State high court to consider time limits on prosecutions
Monday, October 1, 2012
JEFFERSON CITY, Mo. -- The state Supreme Court is deciding whether prosecutors in southwestern Missouri missed the deadline to file charges in two criminal cases.
Missouri's statute of limitations gives prosecutors three years to bring forward a case for most felonies, with the clock starting the day after the offense is committed and stopping when a criminal complaint or indictment is filed. However, the Missouri Constitution requires the filing of an indictment or information to prosecute -- not a complaint.
In two cases headed before the high court, prosecutors filed a complaint within the three-year window. But judges in Greene County concluded the law is unconstitutional and dismissed the cases. The Missouri Supreme Court has scheduled oral arguments for Thursday.
A complaint is filed by a prosecutor, after which a judge determines whether there is probable cause that a crime was committed. Prosecutors then file an information. Prosecutors also can start a case through an indictment that is returned by a grand jury.
Defending Missouri's current statute of limitations is the state attorney general's office. It argues the law focuses on when to stop running the clock and merely allows prosecutors to file a criminal complaint to meet the deadline and does not let prosecutors skip the submission of an indictment or information.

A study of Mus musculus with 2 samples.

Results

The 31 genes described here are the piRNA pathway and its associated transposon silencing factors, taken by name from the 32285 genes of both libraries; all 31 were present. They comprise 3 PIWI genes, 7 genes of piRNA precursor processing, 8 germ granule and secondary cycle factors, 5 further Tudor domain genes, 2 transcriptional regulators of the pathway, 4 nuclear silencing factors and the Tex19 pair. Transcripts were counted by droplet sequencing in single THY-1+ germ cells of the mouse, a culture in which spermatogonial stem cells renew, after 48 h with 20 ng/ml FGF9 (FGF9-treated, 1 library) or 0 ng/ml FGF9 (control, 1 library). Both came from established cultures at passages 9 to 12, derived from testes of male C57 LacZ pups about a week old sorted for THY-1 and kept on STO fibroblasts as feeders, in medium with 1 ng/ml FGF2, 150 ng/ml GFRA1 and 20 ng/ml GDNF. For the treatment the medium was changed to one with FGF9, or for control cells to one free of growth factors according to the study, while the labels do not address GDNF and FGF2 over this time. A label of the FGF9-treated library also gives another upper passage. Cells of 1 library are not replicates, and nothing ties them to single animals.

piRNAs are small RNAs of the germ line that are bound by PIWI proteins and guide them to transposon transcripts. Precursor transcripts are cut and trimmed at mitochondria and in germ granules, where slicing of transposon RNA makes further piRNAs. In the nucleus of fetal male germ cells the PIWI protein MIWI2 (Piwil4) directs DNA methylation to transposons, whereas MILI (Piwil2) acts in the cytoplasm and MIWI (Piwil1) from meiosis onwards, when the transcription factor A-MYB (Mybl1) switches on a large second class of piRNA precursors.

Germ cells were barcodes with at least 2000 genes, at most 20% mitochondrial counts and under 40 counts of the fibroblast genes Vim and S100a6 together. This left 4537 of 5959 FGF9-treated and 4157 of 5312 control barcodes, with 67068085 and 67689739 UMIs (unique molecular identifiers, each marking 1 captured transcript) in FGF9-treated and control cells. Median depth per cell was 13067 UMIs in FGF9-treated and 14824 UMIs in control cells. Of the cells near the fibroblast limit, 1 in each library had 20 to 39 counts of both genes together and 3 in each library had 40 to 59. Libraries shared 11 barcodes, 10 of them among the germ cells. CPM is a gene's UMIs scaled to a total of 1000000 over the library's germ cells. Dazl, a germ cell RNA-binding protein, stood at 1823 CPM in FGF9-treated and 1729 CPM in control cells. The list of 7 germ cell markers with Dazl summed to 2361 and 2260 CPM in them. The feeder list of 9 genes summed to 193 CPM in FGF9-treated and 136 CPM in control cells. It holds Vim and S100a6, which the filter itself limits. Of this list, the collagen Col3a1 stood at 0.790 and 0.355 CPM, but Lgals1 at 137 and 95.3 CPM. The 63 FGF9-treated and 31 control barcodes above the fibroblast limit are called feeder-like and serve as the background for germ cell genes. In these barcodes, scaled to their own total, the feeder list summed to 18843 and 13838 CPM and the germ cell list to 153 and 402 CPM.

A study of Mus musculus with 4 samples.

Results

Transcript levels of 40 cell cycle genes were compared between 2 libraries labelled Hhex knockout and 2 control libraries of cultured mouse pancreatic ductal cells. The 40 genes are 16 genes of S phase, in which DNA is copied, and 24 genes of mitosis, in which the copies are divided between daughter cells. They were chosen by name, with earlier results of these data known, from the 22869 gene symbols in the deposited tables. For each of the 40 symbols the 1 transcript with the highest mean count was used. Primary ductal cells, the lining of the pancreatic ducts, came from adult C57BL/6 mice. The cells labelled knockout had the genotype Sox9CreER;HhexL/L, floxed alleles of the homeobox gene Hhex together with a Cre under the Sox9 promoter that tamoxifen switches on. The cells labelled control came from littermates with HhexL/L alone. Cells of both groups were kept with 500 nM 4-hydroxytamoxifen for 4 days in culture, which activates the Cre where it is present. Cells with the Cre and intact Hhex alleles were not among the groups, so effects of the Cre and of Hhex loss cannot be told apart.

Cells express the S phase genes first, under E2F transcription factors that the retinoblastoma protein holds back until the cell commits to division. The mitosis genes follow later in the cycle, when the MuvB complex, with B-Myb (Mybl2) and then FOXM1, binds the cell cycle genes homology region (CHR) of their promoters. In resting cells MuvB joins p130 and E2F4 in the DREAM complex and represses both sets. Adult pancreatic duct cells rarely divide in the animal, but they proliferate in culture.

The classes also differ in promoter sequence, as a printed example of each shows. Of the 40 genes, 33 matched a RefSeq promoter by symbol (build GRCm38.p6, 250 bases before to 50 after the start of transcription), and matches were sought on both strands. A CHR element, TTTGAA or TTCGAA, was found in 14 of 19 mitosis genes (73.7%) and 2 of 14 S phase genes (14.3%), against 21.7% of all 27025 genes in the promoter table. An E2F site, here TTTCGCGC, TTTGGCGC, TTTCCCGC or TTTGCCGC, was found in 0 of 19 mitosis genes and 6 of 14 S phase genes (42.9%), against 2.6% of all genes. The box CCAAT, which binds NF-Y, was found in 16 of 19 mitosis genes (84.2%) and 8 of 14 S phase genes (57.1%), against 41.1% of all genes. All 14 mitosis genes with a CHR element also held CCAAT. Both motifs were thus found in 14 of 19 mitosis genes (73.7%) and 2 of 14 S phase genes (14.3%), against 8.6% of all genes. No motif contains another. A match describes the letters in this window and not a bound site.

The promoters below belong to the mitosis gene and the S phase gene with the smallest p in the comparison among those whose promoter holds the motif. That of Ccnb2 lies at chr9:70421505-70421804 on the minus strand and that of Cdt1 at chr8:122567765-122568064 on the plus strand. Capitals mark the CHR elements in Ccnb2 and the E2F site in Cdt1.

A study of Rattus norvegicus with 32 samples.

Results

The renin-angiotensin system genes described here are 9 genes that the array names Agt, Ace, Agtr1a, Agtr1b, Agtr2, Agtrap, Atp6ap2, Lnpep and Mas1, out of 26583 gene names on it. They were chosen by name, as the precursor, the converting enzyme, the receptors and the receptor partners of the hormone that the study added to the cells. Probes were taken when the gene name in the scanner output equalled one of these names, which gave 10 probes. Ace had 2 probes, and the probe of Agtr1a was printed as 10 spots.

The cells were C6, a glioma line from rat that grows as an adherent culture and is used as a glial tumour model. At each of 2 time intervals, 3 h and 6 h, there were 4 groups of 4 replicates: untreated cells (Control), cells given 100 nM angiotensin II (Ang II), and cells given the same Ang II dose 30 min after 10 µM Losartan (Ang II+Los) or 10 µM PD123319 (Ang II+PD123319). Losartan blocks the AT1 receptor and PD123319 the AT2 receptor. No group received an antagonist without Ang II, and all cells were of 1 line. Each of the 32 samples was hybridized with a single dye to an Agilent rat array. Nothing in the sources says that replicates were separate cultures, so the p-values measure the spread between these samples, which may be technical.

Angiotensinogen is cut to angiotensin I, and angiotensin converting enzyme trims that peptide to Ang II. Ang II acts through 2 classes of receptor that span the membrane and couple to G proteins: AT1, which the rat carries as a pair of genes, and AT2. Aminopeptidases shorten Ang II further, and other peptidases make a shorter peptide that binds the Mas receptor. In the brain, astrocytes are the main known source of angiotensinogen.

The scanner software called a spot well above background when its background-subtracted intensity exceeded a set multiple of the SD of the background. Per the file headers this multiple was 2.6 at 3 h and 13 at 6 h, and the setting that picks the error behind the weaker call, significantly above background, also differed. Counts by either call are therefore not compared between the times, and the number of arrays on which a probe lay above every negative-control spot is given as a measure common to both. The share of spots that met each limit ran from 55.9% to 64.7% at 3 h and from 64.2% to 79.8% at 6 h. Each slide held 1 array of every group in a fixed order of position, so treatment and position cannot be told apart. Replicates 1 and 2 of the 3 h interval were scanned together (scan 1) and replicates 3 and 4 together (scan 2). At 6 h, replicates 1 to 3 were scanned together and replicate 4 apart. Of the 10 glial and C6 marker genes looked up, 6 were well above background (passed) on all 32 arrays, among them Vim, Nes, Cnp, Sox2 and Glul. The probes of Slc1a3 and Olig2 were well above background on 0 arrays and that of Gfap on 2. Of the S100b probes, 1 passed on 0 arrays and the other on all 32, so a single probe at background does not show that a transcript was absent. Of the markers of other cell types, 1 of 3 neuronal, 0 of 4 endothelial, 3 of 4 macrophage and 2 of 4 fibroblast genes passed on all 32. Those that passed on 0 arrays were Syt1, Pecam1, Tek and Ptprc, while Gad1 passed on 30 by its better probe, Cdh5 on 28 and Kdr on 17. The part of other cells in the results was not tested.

"Everyone agrees that no one may be criminally prosecuted for a felony except by information or indictment," assistant attorney general Evan Buchheim said in a written argument. "But this is not the same as saying that a criminal prosecution is 'commenced' only upon the filing of either an information or indictment."
According to court records, Springfield police collected two blood samples in March 2008 from a break-in. Law officers reported that in October 2009, they discovered the blood matched Jeffrey Anderson, who was incarcerated at that time for an unrelated offense. After Anderson was released, a felony complaint was filed Feb. 28, 2011. The information accusing Anderson of burglary and stealing was filed until May 6, 2011.
In the other case, prosecutors filed a complaint Jan. 25, 2011, accusing Grant Mixon of receiving stolen property on May 2, 2008. He asked for the charges to be dismissed Nov. 2, 2011.
Both men are represented by public defenders, who said in written arguments that counting the filing of a criminal complaint under the statute of limitations runs afoul of the Missouri Constitution.
"The constitutional provision prohibits a prosecution absent information or indictment; the statute decrees that a felony prosecution commences with the filing of a complaint. By its terms, the statute contravenes -- is contrary to -- the Missouri Constitution," wrote Rosalynn Koch, who is represents Mixon.
Assistant public defender Alexa Pearson, who is Anderson's attorney, said in a written argument that the attorney general's defense is "untenable" and would allow prosecutors to extend the statute of limitations indefinitely by filing a criminal complaint, which does not lay out the charge or trigger "substantive rights" for defendants.